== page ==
Former Senate Majority Leader Bill Frist, who was a practicing surgeon before his political career, announced last week that he would return to medicine—in a big way. The New York Times
reports that Frist will lead Save the Children’s
new “Survive to Five
” initiative. This program aims to reduce the number of children—estimated at nearly 10 million annually worldwide—who die before they turn five years old. Save’s
website describes five solutions to the five biggest contributing factors to child mortality. By applying these solutions—all of them proven, and most of them very inexpensive—they hope to save as many as 6 million children every year.
The Times mentions that other American politicians, such as Jimmy Carter and Bill Clinton, have dedicated much of their post-political lives to global health, with excellent results. Perhaps even more encouraging is that some current world leaders are addressing these issues as well. Last month, British Prime Minister Gordon Brown and German Chancellor Angela Merkel vowed “urgent action” on health issues in developing countries. Their International Health Partnership, which began on September 5, will address child mortality, as well as maternal mortality and HIV/AIDS prevention and education.
The Times notes that Frist is playing a key role in a similar campaign with the Bill and Melinda Gates Foundation, along with former rival Senator Tom Daschle—although it doesn’t mention that while majority leader, Frist broke with political tradition by campaigning against his counterpart. It is encouraging that they have put political differences behind them and are working together on a new campaign that could save and improve the lives of millions of children around the world. Hopefully, they will be successful in persuading Americans and their elected officials that child mortality is not only unacceptable and preventable, but that reducing it is a worthy use of taxpayer dollars.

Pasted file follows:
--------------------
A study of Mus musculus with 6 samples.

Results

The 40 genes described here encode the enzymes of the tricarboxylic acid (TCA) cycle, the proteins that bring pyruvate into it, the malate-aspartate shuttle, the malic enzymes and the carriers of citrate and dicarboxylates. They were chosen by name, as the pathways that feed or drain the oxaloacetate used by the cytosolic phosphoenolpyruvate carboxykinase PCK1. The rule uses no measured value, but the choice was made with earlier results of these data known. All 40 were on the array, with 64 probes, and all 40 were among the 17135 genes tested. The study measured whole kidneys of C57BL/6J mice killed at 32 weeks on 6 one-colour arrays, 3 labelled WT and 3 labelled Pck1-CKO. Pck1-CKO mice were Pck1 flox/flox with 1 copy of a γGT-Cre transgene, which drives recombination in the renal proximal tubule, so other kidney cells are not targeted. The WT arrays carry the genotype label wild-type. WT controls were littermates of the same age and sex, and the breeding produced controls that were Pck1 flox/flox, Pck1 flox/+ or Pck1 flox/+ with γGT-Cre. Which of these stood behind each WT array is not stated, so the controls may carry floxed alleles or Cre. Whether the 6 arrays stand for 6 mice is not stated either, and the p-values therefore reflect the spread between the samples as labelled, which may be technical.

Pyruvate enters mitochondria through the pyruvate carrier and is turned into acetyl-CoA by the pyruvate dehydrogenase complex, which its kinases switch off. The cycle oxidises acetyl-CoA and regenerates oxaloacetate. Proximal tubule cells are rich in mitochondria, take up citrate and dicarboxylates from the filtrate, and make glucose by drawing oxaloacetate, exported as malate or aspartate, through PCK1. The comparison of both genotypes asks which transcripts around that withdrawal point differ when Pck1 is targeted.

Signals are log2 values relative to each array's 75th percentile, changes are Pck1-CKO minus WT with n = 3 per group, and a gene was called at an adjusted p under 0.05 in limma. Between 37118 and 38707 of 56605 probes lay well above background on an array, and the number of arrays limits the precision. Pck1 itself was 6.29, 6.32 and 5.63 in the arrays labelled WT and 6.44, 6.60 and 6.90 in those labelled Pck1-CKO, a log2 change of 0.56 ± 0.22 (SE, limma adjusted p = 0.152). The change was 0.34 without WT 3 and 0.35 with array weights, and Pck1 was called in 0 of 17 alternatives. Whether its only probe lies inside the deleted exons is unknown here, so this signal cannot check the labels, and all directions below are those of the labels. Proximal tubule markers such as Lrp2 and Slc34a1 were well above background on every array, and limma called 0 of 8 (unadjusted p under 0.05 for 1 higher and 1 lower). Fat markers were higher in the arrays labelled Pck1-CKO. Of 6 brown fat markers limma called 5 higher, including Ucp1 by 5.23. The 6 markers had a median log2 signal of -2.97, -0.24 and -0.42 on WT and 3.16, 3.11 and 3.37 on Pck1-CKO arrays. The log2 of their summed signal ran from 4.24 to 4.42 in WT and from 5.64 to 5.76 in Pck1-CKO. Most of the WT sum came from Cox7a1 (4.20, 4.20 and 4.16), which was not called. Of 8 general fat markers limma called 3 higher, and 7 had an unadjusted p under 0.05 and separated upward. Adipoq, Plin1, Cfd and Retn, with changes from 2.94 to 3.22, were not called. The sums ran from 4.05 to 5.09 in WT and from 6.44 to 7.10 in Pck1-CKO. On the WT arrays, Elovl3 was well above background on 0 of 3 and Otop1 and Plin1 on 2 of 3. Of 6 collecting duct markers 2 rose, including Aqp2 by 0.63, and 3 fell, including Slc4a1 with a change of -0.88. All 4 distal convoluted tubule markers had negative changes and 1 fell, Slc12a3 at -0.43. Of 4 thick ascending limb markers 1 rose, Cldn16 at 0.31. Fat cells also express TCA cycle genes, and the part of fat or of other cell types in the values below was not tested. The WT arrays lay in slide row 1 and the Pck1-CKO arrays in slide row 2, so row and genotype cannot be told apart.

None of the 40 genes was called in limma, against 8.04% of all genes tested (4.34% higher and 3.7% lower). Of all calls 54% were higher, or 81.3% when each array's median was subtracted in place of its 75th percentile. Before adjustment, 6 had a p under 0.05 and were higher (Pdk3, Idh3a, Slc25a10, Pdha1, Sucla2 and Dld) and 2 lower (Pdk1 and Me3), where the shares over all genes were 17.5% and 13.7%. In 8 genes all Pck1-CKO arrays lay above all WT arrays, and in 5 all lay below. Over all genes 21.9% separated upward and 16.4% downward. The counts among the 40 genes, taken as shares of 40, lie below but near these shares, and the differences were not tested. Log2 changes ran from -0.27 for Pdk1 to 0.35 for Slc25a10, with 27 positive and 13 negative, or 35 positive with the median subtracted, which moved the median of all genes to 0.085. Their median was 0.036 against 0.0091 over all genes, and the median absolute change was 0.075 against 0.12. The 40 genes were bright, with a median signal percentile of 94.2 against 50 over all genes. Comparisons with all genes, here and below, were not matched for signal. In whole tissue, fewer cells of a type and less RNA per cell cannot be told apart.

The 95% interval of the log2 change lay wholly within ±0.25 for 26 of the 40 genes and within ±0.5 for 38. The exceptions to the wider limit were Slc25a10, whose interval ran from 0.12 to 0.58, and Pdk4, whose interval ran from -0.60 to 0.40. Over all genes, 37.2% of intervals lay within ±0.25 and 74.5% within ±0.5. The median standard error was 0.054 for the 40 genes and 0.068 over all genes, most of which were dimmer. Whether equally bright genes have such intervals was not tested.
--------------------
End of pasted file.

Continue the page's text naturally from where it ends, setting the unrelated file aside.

This effort may seem daunting, given that less than one-half of one percent of the U.S. budget goes to international assistance. Frist was successful in ushering through the President’s Emergency Plan for AIDS Relief (PEPFAR), which dedicated $15 billion over five years to fighting AIDS, principally in Africa. This was a major victory for global health, but there is room in the budget and the priorities of American leaders for more global health programs—especially if PEPFAR is doubled, as is now being considered, to $30 billion over the next 5 years. Campaigns to reduce childhood mortality do not face the political scrutiny of HIV/AIDS programs such as PEPFAR, but it will still be important that Frist and others involved allow science-based medicine to dictate funding priorities; one of PEPFAR’s main failings is that it has caved to ideology in placing an unadvisedly large emphasis on abstinence education.
Frist and his colleagues certainly have a difficult battle against child mortality ahead of them. But Frist—a surgeon, politician, and businessman—has an impressive range of skills and an equally enviable Rolodex of supporters to call upon.